Despite the cuts to cleaning efforts between flights, Southwest said it will continue blocking middle seats on aircraft to enable a degree of social distancing on board.


The airline will stop cleaning seatbelts between flights, focusing on tray tables and lavatories instead.

The point is to reduce the time planes spend on the ground between flights — a key metric in an industry with thin profit margins.

The good news: Southwest will still deep-clean its planes every night, and will continue to block middle seats through October 31. It also provides disinfectant wipes on request.


The airline will no longer clean seatbelts in between each flight, CNN reported, citing a memo to flight attendants.  Cleaners will still sanitize tray tables and lavatories in between flights, and continue to deep-clean aircraft overnight.

Southwest said that the change was necessary as the airline begins to see flight schedules return to normal. “Since flight schedules have increased, other areas of the aircraft will be disinfected during our overnight cleaning process,” an airline spokesperson told CNN. 

In an email to Business Insider, a Southwest spokesperson noted that the airline provides passengers with disinfectant wipes upon request, so anyone who wants to do an extra cleaning can do so.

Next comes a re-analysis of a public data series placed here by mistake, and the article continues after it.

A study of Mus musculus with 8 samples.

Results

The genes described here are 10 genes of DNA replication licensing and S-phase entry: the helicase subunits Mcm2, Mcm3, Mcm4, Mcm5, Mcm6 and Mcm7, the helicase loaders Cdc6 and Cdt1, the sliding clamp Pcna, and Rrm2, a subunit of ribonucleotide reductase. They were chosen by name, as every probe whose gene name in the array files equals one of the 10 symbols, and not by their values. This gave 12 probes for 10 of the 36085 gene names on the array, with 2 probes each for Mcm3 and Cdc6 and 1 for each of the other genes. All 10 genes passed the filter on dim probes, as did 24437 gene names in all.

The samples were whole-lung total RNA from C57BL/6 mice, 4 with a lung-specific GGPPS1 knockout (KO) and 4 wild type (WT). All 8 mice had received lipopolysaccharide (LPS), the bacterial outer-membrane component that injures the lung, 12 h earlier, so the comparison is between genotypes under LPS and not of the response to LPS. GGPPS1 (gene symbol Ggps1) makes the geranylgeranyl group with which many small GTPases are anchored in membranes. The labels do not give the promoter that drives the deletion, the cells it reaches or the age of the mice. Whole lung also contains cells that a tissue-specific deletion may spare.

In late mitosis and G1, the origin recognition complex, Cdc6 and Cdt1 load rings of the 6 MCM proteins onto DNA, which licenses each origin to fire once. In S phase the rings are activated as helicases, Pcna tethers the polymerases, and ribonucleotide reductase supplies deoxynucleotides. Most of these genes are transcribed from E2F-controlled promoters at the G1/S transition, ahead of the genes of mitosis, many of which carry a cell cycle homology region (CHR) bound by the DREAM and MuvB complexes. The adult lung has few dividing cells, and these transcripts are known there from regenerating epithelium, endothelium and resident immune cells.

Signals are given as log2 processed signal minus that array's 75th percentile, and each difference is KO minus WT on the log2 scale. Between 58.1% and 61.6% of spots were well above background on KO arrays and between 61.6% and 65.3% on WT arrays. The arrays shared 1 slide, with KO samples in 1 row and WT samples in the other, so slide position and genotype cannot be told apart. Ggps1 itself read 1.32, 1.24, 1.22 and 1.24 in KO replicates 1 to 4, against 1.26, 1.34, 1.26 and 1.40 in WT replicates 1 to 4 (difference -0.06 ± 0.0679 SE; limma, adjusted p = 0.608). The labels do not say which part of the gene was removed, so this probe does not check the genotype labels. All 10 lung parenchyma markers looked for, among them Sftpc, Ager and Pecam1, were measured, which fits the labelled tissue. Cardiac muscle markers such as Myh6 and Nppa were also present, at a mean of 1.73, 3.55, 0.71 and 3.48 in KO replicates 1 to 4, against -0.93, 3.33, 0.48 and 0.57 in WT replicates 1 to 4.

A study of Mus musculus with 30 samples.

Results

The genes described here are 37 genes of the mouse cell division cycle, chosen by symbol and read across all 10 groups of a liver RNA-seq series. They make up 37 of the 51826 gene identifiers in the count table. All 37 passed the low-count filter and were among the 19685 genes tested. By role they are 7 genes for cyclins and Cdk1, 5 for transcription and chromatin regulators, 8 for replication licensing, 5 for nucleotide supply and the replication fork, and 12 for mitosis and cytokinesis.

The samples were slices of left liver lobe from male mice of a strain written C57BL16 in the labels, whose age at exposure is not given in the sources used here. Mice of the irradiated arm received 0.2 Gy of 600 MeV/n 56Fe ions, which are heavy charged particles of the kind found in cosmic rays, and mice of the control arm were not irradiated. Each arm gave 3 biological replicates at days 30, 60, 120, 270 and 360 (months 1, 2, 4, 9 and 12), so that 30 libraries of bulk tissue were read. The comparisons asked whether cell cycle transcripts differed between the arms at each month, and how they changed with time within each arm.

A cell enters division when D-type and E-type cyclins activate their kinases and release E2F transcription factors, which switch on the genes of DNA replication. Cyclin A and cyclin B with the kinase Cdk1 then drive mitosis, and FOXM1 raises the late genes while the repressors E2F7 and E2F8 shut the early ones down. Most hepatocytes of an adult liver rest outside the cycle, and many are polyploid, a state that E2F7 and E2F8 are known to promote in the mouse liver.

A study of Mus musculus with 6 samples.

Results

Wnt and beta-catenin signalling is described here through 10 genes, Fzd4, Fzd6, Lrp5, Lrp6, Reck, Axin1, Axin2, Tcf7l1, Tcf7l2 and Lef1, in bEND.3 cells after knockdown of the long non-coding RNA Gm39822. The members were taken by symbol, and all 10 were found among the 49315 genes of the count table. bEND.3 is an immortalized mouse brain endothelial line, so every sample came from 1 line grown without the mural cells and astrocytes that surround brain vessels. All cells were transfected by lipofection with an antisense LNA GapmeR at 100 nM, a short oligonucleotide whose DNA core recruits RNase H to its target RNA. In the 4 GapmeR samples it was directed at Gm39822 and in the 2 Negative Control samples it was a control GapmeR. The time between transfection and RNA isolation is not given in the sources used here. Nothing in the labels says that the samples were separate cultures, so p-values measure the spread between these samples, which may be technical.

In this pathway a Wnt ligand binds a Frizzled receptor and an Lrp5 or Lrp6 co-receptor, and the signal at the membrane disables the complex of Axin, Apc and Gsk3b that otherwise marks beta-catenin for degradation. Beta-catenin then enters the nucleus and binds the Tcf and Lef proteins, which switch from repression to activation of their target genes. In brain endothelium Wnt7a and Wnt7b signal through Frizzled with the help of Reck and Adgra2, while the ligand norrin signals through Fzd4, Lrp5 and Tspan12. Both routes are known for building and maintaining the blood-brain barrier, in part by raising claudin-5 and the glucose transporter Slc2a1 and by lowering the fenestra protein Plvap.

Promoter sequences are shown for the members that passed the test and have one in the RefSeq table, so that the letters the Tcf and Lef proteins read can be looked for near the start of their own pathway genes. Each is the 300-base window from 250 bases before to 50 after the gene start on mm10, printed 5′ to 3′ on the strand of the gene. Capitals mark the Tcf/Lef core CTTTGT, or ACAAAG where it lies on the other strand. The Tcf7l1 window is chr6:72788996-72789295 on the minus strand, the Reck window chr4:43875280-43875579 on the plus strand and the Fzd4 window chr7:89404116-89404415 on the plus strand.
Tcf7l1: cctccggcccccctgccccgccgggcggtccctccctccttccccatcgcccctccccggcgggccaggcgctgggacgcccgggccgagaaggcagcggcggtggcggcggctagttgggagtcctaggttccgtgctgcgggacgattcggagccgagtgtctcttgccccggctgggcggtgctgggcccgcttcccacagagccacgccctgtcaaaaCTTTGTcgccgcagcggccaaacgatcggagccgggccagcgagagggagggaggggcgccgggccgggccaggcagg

Southwest’s business model relies on quick turnaround times between flights, sometimes as little as 30 minutes. By maximizing in-flight time, the airline can squeeze the most performance from each plane, keeping costs and fares lower.

In May, Shashank Nigam, CEO of airline marketing firm SimpliFlying, predicted that heightened cleaning procedures and a need to reassure passengers of onboard safety would eventually clash with the realities of running a low-cost airline.

Story continues

“The 30-minute turn is critical, especially for low-cost airlines like Spirit and Southwest, and they’ll do everything they can to ensure that they don’t slip from that,” he told Business Insider during an interview.

“I foresee legacy airlines like Delta and Air Canada using this as a brand differentiator,” he added. “The low-cost airlines, to preserve their 30-minute turnaround, will need to do a lot of these deep cleaning efforts overnight, as opposed to every single flight.”

Notably, despite the cuts to cleaning efforts between flights, Southwest said it will continue blocking middle seats on aircraft to enable a degree of social distancing on board.

Recently released data show that passengers are willing to pay 16-17% more to fly on an airline that facilitates social distancing. Delta, which also blocks middle seats, said that customers have cited that as their top reason for choosing the airline in recent surveys.